Failure to offer less-invasive surgical options puts patients at risk
Conventional surgery typically involves cutting through many layers of skin, muscle and other tissues such as organs and even bone to access the area of the body that is being operated upon. Not only can this be highly traumatic and painful, but it also can require lengthy healing times and exposes the patient to substantial risk of infection and other potentially serious surgical complications. Although less invasive treatments are often available, new research shows that surgical patients are not always informed of their options.
Minimally invasive procedure cuts risk, recovery time
Thanks to advancements in medical technology in recent years, many surgeries that were once highly invasive can now be performed in a far less invasive way through a procedure known as laparoscopic surgery, or laparoscopy. Doctors who perform this technique use very small cameras and surgical instruments, which are inserted through tiny tubes through small incisions in the lower abdomen.
There are various reasons why laparoscopy is not an option for every patient in every situation; however, when medically appropriate, the technique can be an effective way to minimize the risks, pain and recovery time that are typically involved in more invasive procedures. Additionally, due in large part to the elimination of unnecessary complications, laparoscopic surgery is often substantially less costly than conventional surgeries – often by a margin of thousands of dollars.
Laparoscopy adoption rates vary widely
Unfortunately, according to a report published in JAMA Surgery, a medical journal, many hospitals fail to let patients know when minimally invasive surgery may be an option as an alternative to conventional invasive surgery. As a result, some patients undergo surgical procedures that are more painful, risky and costly than necessary.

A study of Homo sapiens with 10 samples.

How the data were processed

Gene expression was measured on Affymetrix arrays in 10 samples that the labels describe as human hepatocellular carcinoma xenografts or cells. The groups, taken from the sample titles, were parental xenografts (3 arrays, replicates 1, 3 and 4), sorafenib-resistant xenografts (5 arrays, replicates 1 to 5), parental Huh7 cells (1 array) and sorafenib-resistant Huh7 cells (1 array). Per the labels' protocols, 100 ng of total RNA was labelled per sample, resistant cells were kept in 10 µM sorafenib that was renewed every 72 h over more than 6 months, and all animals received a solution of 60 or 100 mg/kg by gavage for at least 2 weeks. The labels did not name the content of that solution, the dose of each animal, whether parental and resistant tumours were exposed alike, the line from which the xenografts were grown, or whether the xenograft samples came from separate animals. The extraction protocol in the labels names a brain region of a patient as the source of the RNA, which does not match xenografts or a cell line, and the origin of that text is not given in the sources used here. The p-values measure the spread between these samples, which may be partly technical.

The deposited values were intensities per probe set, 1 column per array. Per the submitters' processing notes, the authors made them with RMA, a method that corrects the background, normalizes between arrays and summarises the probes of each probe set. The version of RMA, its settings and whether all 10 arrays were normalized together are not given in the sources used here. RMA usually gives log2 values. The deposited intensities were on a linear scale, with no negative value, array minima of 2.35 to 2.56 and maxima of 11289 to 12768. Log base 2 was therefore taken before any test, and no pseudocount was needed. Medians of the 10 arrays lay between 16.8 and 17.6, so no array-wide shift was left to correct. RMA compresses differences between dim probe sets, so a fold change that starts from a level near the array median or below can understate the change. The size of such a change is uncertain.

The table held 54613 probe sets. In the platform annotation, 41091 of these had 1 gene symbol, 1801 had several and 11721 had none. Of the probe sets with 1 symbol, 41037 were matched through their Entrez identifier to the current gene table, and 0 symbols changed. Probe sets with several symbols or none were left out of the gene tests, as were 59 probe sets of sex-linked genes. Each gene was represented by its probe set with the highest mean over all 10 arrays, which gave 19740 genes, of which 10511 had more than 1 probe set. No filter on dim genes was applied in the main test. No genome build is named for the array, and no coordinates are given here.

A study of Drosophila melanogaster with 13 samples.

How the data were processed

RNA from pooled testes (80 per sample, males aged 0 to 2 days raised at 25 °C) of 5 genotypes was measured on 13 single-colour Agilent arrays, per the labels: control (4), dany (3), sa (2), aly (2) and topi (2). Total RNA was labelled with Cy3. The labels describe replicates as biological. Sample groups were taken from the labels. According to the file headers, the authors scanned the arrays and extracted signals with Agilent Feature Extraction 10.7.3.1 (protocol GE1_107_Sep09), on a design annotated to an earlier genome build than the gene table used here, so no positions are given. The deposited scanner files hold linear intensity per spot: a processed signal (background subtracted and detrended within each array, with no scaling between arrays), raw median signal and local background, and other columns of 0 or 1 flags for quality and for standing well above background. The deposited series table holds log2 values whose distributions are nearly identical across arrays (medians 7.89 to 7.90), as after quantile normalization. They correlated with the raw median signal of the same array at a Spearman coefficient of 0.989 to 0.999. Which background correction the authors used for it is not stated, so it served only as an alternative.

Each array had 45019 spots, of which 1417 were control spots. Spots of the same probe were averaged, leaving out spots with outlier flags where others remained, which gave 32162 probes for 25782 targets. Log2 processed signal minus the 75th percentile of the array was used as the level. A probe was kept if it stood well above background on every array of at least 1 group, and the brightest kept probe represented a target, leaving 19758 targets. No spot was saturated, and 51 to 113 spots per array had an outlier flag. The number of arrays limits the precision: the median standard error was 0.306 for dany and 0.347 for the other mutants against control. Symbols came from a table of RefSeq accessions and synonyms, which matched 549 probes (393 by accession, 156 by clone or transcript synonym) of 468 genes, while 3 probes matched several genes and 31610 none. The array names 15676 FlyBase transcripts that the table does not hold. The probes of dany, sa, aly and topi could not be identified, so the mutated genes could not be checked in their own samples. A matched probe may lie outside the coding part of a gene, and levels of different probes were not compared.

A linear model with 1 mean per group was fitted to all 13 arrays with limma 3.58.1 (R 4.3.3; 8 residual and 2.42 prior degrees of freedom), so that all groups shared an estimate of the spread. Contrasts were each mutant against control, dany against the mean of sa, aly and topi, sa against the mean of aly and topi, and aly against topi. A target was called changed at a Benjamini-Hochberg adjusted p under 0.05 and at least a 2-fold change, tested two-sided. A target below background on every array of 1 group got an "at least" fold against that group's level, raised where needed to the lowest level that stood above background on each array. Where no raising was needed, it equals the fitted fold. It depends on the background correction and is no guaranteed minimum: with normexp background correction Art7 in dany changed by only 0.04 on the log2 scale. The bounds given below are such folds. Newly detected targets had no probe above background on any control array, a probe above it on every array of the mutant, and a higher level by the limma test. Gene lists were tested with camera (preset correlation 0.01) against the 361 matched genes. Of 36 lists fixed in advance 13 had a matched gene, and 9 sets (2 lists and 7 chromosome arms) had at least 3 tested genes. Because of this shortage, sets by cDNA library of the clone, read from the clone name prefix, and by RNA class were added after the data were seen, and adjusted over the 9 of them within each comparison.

A recent report by National Public Radio on the study stated that if all hospitals offered laparoscopic surgery as often as those in the top one-third nationwide, it would eliminate more than 4,300 unnecessary surgical complications and nearly 170,000 days of hospitalization. In monetary terms, this would result in a savings of about $377 million per year. Unfortunately, however, hospitals vary dramatically in their rates of adoption – a circumstance the study’s lead author described as “one of the greatest disparities in American medicine.”
A matter of informed consent
Except in rare circumstances, such as life-threatening emergencies, a patient must give his or her informed consent before undergoing surgery or any other serious medical treatment. In order for informed consent to be possible, the patient must be advised on a number of topics including what the treatment entails, its likelihood of success, what risks are involved and – importantly – what alternatives are available. When a patient is harmed because the treatment provided is unnecessarily risky or invasive, it may be an issue of medical malpractice and a failure to obtain informed consent.
If you or a family member has suffered from an illness, injury or other complication that you believe may be linked to medical negligence, be sure to talk your situation over with an experienced medical malpractice lawyer to learn about your rights and the available legal options. For a personalized consultation based on your specific circumstances, contact the law firm of Futterman, Sirotkin & Seinfeld, LLP.